NORTHWEST AFRICA 2968


Diogenite
Dunite
(ungrouped achondrite in MetBull 91)

standby for northwest africa 2968 photo
Purchased November 2005
no coordinates recorded

Through the untiring efforts of nomads searching the vast Sahara Desert region of Algeria, a remarkable new meteorite type has been recovered. Only 268 g of small broken fragments of a coarse-grained, dark brown meteorite was found, and these fragments were subsequently sold in Erfoud, Morocco to meteorite dealer B. Reed. The small size range of these fragments (17 mm to at least 25 mm wide) is due to fracturing along compression and shear zones. Numerous pieces of this meteorite were submitted for analysis and classification (T. Bunch and J. Wittke, NAU; A. Irving, UWS; D. Rumble III, CIW).

Northwest Africa 2968 is a cumulate, olivine-rich (>95 vol%), dunitic rock, containing minor amounts of orthopyroxene and FeNi-metal, along with troilite and pyrrhotite which primarily fill fractures. Olivines exhibit shock features including domain offsets, mosaicism, and undulatory extinction. The FeO/MnO ratios and O-isotopic compositions of NWA 2968 are consistent with an origin from the howardite/eucrite/diogenite/ (HED) parent body, widely accepted to be the asteroid 4 Vesta. The averaged Δ17O value of –0.23 (±0.02) plots within the HED group (Scott et al., 2009); see a linearized O-isotope plot (Miller, 2002). However, in contrast to the olivine and orthopyroxene in known howardites or diogenites, these minerals are considerably more highly magnesian in NWA 2968 (92.5 and 93, respectively), and likely crystallized from a less evolved parental melt. The composition and mineralogy of NWA 2968 is consistent with a mantle or lower crustal origin on a differentiated body, in a formation region analogous to that of the chassignites on Mars.

standby for greenwood diagram
Diagram credit: Greenwood et al., 2015
For an explanation of the diagram components see the open access article in GCA, vol. 169, p. 130 (2015)
'Geochemistry and oxygen isotope composition of main-group pallasites and olivine-rich clasts in mesosiderites:
Implications for the “Great Dunite Shortage” and HED-mesosiderite connection'
(https://doi.org/10.1016/j.gca.2015.07.023)

standby for o-isotopic diagram
Diagram credit: Greenwood et al., 2017
For an explanation of the diagram components see the open access article in Chemie der Erde - Geochemistry, vol. 77, p. 25 (2017)
'Melting and differentiation of early-formed asteroids: The perspective from high precision oxygen isotope studies'
(http://dx.doi.org/10.1016/j.chemer.2016.09.005)

It is still unresolved whether such dunitic lithologies represent higher-level cumulates or if they are instead mantle material (Greenwood et al., 2015). Mandler and Elkins-Tanton (2013) proposed a formation scenario for such dunites that involves a two-stage crystallization process: first, an equilibrium crystallization process from the late-stage liquid after 60–70% solidification of the global magma ocean; second, a fractional crystallization process within an ascended, high-level (crustal) pluton composed of the former extracted residual melt, ultimately resulting in the formation of a thin lower-crustal dunite layer along with more shallow olivine diogenite, diogenite, and cumulate eucrite lithologies. On the other hand, if the dunitic clasts are actually derived from mantle material, a scenario is required to explain how such material was incorporated into the regolith. However, it was argued by Barrat and Yamaguchi (2014) that magma chamber processes are unable to explain the chemical diversity of the diogenites (e.g., the range of heavy-REE ratios in diogenitic orthopyroxenes), and that neither assimilation of wallrock nor incorporation of a trapped melt component can account for this diversity. They contend that the diversity is more likely the result of variability in the respective initial parental melt compositions.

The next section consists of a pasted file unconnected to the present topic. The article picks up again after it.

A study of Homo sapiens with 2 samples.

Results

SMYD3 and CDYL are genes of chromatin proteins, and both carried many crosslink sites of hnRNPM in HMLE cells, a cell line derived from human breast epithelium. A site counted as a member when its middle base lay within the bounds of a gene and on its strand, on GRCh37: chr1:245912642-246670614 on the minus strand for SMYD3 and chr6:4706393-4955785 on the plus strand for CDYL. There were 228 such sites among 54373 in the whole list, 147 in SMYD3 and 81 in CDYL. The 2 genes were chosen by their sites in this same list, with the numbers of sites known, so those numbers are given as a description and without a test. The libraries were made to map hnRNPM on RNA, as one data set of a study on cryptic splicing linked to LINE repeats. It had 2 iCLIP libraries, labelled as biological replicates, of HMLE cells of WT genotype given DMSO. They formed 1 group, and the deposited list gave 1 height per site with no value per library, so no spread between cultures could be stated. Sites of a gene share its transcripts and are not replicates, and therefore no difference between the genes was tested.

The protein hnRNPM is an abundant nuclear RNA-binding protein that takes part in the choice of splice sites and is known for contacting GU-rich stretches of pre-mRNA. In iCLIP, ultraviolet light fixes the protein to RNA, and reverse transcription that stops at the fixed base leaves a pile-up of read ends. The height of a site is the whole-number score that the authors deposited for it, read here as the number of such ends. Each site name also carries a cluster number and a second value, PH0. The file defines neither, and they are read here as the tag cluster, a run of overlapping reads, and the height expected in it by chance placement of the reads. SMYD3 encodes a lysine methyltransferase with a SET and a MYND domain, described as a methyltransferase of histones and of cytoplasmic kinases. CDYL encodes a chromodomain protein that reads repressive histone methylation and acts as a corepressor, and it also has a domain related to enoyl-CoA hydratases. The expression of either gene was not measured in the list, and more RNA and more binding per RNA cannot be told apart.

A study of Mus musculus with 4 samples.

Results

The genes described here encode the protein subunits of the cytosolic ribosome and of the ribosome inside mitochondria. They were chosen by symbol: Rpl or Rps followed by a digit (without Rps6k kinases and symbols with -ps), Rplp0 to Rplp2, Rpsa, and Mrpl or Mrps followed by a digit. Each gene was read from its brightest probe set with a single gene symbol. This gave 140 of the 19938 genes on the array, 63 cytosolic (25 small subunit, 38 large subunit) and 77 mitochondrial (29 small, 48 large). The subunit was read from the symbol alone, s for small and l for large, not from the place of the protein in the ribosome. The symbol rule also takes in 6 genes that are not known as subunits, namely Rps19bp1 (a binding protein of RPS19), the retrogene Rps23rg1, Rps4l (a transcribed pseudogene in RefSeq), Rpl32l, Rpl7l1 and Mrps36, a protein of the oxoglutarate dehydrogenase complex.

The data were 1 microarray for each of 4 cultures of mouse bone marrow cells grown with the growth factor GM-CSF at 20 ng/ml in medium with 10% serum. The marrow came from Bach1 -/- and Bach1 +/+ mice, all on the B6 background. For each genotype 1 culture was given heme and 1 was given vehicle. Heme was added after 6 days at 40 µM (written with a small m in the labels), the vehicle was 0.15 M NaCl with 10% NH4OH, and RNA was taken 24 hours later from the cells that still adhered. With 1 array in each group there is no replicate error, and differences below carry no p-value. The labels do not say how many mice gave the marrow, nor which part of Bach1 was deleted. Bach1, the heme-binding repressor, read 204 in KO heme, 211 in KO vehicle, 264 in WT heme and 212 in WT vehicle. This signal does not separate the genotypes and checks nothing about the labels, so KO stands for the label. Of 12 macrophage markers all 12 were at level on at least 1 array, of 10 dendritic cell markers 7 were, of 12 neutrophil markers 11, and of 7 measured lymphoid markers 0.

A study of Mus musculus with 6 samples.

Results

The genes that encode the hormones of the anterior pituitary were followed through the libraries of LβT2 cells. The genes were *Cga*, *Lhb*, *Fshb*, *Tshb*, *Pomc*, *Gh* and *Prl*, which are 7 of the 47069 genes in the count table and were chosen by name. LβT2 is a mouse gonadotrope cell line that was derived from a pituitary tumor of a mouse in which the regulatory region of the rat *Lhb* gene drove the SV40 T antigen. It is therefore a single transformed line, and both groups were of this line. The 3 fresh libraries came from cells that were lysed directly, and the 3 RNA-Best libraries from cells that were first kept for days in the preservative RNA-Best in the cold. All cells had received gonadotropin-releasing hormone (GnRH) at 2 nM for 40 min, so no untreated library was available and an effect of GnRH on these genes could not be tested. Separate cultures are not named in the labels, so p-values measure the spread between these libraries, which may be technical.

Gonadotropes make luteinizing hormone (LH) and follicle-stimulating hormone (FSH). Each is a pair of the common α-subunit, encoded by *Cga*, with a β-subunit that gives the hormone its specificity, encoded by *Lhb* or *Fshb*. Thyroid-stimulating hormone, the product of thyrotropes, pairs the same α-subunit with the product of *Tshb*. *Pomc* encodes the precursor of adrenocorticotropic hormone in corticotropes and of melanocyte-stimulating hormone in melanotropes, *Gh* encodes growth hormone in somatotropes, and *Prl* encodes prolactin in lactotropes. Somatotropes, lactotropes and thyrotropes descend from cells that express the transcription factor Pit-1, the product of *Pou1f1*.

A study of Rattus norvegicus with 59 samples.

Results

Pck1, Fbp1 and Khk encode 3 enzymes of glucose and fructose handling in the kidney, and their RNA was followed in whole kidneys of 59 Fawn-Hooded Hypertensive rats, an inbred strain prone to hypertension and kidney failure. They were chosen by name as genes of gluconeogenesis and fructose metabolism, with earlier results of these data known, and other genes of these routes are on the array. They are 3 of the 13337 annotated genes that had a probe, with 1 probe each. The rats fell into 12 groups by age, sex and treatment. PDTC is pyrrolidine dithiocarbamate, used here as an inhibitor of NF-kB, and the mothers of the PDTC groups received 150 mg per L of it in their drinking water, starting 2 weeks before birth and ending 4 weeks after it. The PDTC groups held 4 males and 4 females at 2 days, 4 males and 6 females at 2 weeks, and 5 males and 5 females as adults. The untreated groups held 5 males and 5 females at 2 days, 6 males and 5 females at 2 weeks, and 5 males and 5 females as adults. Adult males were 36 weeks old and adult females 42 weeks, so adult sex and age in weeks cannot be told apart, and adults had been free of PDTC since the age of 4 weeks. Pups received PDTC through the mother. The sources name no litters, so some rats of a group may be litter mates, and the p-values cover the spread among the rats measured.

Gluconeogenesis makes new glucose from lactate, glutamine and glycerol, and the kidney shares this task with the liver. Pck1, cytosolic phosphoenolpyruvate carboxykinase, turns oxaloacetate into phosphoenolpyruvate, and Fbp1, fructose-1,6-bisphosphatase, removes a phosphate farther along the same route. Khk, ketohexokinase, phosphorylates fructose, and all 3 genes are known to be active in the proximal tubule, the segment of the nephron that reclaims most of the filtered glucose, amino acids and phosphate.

It is noteworthy that through continuing studies of MIL 03443, which is a cumulate, monomict, brecciated dunite previously classified as a mesosiderite clast, strong evidence has been developed for an origin on the HED parent body, and a relationship to diogenites specifically (Mittlefehldt, 2008; Beck et al., 2011). This evidence includes FeO/MnO and Δ17O values (see plot from Greenwood et al., 2015), the occurrence of olivine melt inclusions, and the abundances of pyrrhotite, Ni and Co. MIL 03443 has been shown to represent a fractional cumulate rather than a mantle restite (Beck et al., 2011). In a similar way, O-isotopic and trace element data for the unique 1.1 g olivine-rich (dunitic/harzburgitic?) achondrite QUE 93148 have led to the suggestion that it might be derived from the deep mantle of the HED parent body (Goodrich and Righter, 2000; C. Floss, 2003). However, due to its lower Co and Ni abundances than what would otherwise be expected for an olivine-rich mantle lithology or magma ocean cumulate, QUE 93148 could have actually originated on a distinct planetary body such as that of the main-group pallasites (Shearer et al., 2008; Shearer et al., 2010). Two other possible HED-related dunites, NWA 5784 and NWA 5968, will require further study to accurately assess their classification. Notably, Beck et al. (2012) identified the first olivine-rich melt material present in the howardites, which constitutes the PCA 02009 pairing group. This olivine-rich material was likely derived from harzburgitic and dunitic lithologies exposed on the surface of Vesta.

For further analysis of this dunitic meteorite and its potential pairing relationships, see the NWA 3329 page. An alternative classification system for the diogenites and dunites based on mineralogical and petrographical features has been proposed by Beck and McSween (2010), and modified by Wittke et al. (2011). The photo shown above is a 5.8 g fragment of NWA 2968.